DLS Analyzes Local Spending on Transportation Projects

The Department of Legislative Services (DLS), in its budget analysis for the State Highway Administration (SHA), raised a number of issues dealing with local governments. The SHA analysis also includes an overview of local highway user revenues.

The first issue raised deals with local involvement in State projects.  From the analysis:

Currently,there are no policies or procedures for how local jurisdictions contribute to State projects. For example, if a local jurisdiction provides funding for a local priority project that may not correspond to the
State’s priorities, will the State fund that project over other priorities?
In addition, the local funding cash flow is not reflected in the CTP. MDOT indicates that from the fiscal 2008 to 2012 time period, local jurisdictions contributed$148.3 million, or 9.2% of the total project cost, to State highway projects. Of that amount, cities and towns contributed $10.6 million, and 14 counties contributed $137.7 million during this time period. The counties that contributed the most were Howard County, with $43.8 million, and Montgomery County, with $65.7 million.
 Given the funding that is already contributed to these projects and the expressed desire to have more local contributions, DLS recommends that MDOT discuss its process for allowing/obtaining contributions from local jurisdictions for a project, and how the funding is reflected in the CTP. In addition, DLS recommends that committee narrative requesting a report be adopted.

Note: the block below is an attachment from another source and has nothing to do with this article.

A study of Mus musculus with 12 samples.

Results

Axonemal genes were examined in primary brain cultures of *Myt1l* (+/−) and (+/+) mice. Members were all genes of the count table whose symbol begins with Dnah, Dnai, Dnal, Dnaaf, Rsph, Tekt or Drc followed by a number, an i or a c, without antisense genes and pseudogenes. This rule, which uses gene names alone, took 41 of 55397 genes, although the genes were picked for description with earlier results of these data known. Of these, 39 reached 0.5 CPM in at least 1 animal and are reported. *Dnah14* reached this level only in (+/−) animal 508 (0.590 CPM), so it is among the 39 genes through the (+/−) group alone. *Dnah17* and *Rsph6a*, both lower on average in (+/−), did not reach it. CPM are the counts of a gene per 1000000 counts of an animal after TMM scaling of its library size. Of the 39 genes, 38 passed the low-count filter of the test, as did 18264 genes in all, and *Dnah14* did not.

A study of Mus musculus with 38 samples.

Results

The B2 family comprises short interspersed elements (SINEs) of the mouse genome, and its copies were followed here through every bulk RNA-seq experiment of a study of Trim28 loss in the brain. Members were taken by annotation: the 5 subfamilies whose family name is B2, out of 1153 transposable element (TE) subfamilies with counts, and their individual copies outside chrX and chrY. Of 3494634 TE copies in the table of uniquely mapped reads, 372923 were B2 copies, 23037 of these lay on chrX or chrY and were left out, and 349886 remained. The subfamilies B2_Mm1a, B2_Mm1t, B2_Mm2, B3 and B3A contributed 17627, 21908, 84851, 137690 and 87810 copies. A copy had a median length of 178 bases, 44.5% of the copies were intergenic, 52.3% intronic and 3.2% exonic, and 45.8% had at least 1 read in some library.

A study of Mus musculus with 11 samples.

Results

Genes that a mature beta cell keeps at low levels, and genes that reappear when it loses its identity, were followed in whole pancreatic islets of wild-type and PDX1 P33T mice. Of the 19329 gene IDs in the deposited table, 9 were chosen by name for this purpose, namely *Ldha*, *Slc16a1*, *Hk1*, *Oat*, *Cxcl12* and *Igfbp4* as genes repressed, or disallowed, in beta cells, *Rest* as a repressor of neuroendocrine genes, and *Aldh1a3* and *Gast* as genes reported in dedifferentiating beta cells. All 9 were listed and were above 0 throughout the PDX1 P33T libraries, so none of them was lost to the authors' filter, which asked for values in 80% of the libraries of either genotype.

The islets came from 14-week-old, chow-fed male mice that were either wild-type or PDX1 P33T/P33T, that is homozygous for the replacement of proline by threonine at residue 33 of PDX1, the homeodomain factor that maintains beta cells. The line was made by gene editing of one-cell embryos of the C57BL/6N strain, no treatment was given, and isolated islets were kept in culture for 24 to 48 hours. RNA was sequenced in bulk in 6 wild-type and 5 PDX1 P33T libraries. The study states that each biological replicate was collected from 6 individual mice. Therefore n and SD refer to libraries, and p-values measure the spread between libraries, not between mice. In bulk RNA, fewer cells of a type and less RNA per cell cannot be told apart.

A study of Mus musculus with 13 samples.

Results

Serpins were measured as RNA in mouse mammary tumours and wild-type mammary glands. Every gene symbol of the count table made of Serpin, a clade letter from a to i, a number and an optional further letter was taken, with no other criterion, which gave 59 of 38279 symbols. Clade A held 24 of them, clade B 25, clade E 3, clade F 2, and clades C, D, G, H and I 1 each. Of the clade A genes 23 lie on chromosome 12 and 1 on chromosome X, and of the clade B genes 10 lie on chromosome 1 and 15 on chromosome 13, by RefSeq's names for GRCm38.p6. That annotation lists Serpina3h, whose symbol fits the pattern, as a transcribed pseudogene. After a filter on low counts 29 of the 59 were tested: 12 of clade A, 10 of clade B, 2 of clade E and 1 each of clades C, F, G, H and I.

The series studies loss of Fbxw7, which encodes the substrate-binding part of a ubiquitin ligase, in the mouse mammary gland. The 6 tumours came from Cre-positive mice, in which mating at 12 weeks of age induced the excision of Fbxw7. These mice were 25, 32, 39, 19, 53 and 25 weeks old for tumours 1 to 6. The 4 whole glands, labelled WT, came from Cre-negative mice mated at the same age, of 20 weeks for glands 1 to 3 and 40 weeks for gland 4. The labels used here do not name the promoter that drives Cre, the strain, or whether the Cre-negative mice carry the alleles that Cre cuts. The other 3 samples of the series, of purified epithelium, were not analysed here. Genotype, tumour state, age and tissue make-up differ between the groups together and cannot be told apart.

The second issue summarizes an analysis by DLS of the effect highway user revenue reductions has had on local transportation spending in the State.

Aggregate local transportation expenditures increased by 11.6% between the two reporting periods (fiscal 2007 to 2009 and fiscal 2010 to 2011). County expenditures increased by11.0% and Baltimore City expenditures increased by 24.2%; however, in the aggregate municipal expenditures decreased slightly (-0.3%).

Data for counties and municipalities shows no strong correlation between average local HURs funding as a percentage of transportation expenditures in peak years and the change in average transportation expenditures since HURs were significantly reduced. Additionally, an entity’s population size and tax actions since HURs were reduced appear not to have influenced the overall change in average transportation expenditures.
15 counties decreased their average transportation expenditures since local HUR were significantly reduced after fiscal 2009. Six counties (Calvert, Caroline, Queen Anne’s, Somerset, Wicomico, and Worcester) each decreased their average annual transportation expenditures by at least 20.0%.
Anne Arundel County, Baltimore City, and Montgomery County showed average transportation expenditure increases of at least 20.0% over the same period. Expenditures for these three jurisdictions total $151.2 million, which is greater than the overall increase in local transportation spending.

Of 166 municipalities and special tax areas that submit a uniform financial report, 84 reported average transportation expenditure increases and 82 reported decreases since local HURs were reduced after fiscal 2009.

The table comparing local transportation spending from fiscal 2007 to 2009 and fiscal 2010 to 2012 can be found here.